Finding Nemo


The colorful characters found in the jungle have often provided fodder for movie makers. Only a few have let their imagination loose with creatures that live in or in close proximity to the earth's waterways. This weekend, "Teenage Mutant Ninja Turtles" will open in theatres. For an example of characters based even more strongly on maritime life, take a look at 2003's "Finding Nemo."

In "Finding Nemo," Marlin (voiced by Albert Brooks), a clownfish, and his wife, Coral (voiced by Elizabeth Perkins), have recently started a nuclear fish family. Unfortunately, a barracuda attacks, and the only survivors are Marlin and one of his children, Nemo. Not surprisingly, Marlin becomes a very nervous parent, worrying about threats from far and near. On Nemo's first day of school, he and his classmates take a fieldtrip, and Marlin is very uneasy. He follows his son and sees him swim near a boat. Here, Nemo gets captured by divers and ends up in a fish tank at a dentist's office. As he tries to find his son, Marlin is assisted by Dory (voiced by Ellen DeGeneres), a blue tang fish with short-term memory loss. On their adventure, they meet several sea creatures, including a group of turtles. Meanwhile, as Nemo is in the fish tank, the other fish, such as Bloat (voiced by Brad Garrett), Peach (voiced by Allison Janney), and Gill (voiced by Willem Dafoe) try to help him escape.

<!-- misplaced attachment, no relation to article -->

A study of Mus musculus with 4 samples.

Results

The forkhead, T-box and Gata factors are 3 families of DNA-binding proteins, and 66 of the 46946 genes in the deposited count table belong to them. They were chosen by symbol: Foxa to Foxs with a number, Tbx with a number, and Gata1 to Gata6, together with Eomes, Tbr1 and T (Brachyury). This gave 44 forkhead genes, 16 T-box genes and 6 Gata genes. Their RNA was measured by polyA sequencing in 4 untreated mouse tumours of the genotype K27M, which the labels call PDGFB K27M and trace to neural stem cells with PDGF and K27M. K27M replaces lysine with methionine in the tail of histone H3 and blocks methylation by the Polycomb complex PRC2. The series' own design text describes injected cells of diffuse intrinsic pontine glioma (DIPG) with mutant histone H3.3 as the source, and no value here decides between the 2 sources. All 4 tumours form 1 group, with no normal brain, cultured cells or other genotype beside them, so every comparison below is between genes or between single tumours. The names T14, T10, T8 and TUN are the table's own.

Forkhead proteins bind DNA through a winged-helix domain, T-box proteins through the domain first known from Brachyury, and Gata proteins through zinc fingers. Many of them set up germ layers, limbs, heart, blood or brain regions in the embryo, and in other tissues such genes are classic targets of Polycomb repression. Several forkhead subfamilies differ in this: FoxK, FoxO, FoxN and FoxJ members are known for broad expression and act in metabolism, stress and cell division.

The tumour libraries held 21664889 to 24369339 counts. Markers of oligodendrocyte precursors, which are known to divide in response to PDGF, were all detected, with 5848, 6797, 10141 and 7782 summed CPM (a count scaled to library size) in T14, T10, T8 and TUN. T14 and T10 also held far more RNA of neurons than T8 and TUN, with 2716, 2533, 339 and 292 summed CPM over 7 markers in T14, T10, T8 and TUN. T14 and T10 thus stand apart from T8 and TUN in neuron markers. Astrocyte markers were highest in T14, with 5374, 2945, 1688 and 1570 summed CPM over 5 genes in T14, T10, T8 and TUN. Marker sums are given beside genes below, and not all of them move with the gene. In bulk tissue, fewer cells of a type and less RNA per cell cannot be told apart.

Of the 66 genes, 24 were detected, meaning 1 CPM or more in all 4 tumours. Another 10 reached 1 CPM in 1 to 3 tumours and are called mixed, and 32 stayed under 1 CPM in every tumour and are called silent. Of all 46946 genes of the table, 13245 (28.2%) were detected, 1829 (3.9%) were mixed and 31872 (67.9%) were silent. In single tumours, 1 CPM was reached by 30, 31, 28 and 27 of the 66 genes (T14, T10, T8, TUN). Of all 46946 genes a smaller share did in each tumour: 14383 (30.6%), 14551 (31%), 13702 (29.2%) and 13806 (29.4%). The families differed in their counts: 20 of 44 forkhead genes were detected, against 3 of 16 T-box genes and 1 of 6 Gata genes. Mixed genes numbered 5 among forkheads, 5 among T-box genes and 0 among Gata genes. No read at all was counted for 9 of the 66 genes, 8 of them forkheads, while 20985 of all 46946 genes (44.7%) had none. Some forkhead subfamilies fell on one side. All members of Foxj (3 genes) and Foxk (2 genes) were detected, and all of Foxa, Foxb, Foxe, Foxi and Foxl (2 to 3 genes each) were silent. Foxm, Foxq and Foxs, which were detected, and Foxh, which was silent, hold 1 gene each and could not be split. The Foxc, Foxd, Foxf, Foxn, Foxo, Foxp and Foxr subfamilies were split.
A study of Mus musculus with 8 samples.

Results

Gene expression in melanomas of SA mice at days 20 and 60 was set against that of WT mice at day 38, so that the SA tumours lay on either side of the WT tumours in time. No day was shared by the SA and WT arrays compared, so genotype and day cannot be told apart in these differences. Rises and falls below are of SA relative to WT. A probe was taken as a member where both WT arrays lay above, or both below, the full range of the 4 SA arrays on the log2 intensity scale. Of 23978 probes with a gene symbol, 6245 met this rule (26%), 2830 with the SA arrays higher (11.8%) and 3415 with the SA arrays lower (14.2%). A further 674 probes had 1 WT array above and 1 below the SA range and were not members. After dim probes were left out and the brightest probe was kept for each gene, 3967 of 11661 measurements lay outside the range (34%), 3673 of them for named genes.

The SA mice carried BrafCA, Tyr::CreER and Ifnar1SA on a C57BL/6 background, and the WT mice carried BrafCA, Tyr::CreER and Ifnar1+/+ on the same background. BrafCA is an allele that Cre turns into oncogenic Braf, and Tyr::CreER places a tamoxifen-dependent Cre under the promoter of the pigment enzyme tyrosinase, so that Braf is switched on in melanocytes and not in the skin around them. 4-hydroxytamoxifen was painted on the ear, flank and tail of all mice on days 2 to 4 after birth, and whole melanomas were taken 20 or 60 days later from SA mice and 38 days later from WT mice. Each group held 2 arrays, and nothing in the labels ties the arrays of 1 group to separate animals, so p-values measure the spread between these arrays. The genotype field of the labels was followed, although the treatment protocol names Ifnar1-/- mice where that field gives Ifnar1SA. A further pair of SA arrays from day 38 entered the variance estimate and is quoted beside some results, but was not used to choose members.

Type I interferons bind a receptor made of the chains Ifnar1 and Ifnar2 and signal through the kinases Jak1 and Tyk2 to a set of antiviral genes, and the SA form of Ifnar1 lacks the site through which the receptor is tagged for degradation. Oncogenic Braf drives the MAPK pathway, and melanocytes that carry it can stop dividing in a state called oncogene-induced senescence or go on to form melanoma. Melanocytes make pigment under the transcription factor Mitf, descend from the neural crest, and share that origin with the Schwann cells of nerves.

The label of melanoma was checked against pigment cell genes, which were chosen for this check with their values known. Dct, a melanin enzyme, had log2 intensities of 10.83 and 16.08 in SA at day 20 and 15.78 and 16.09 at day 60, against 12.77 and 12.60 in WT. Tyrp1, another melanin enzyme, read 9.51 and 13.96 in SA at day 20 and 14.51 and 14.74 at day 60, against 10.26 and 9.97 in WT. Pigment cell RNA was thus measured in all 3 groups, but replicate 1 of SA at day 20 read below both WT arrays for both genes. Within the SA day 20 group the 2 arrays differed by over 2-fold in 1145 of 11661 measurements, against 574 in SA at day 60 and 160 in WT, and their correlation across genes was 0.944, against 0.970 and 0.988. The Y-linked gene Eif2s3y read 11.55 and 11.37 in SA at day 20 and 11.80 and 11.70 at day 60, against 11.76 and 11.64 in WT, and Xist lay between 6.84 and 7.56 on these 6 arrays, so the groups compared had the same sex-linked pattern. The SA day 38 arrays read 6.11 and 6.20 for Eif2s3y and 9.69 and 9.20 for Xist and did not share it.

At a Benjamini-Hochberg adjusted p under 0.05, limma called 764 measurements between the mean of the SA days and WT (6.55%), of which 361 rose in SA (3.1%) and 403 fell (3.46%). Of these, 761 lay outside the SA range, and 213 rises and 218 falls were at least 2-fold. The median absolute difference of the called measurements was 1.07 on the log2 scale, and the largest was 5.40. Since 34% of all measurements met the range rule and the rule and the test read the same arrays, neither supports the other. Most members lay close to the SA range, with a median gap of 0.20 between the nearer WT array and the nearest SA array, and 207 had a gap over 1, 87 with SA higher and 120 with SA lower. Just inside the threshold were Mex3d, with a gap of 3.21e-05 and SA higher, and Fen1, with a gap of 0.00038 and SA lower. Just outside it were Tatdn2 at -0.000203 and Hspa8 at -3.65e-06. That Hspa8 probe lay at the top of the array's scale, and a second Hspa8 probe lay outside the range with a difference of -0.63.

"Finding Nemo" has amazing visuals. Each of the fish is uniquely and intricately designed. This is particularly true with a group of sharks that Marlin and Dory encounter.

Albert Brooks is excellent as Marlin. He is neurotic and overly-protective. Ellen DeGeneres is equally good as Dory, who is determined to help him, despite her handicap. They make a great team.

"Finding Nemo" is a great choice for animation fans, as well as those who enjoy good family stories.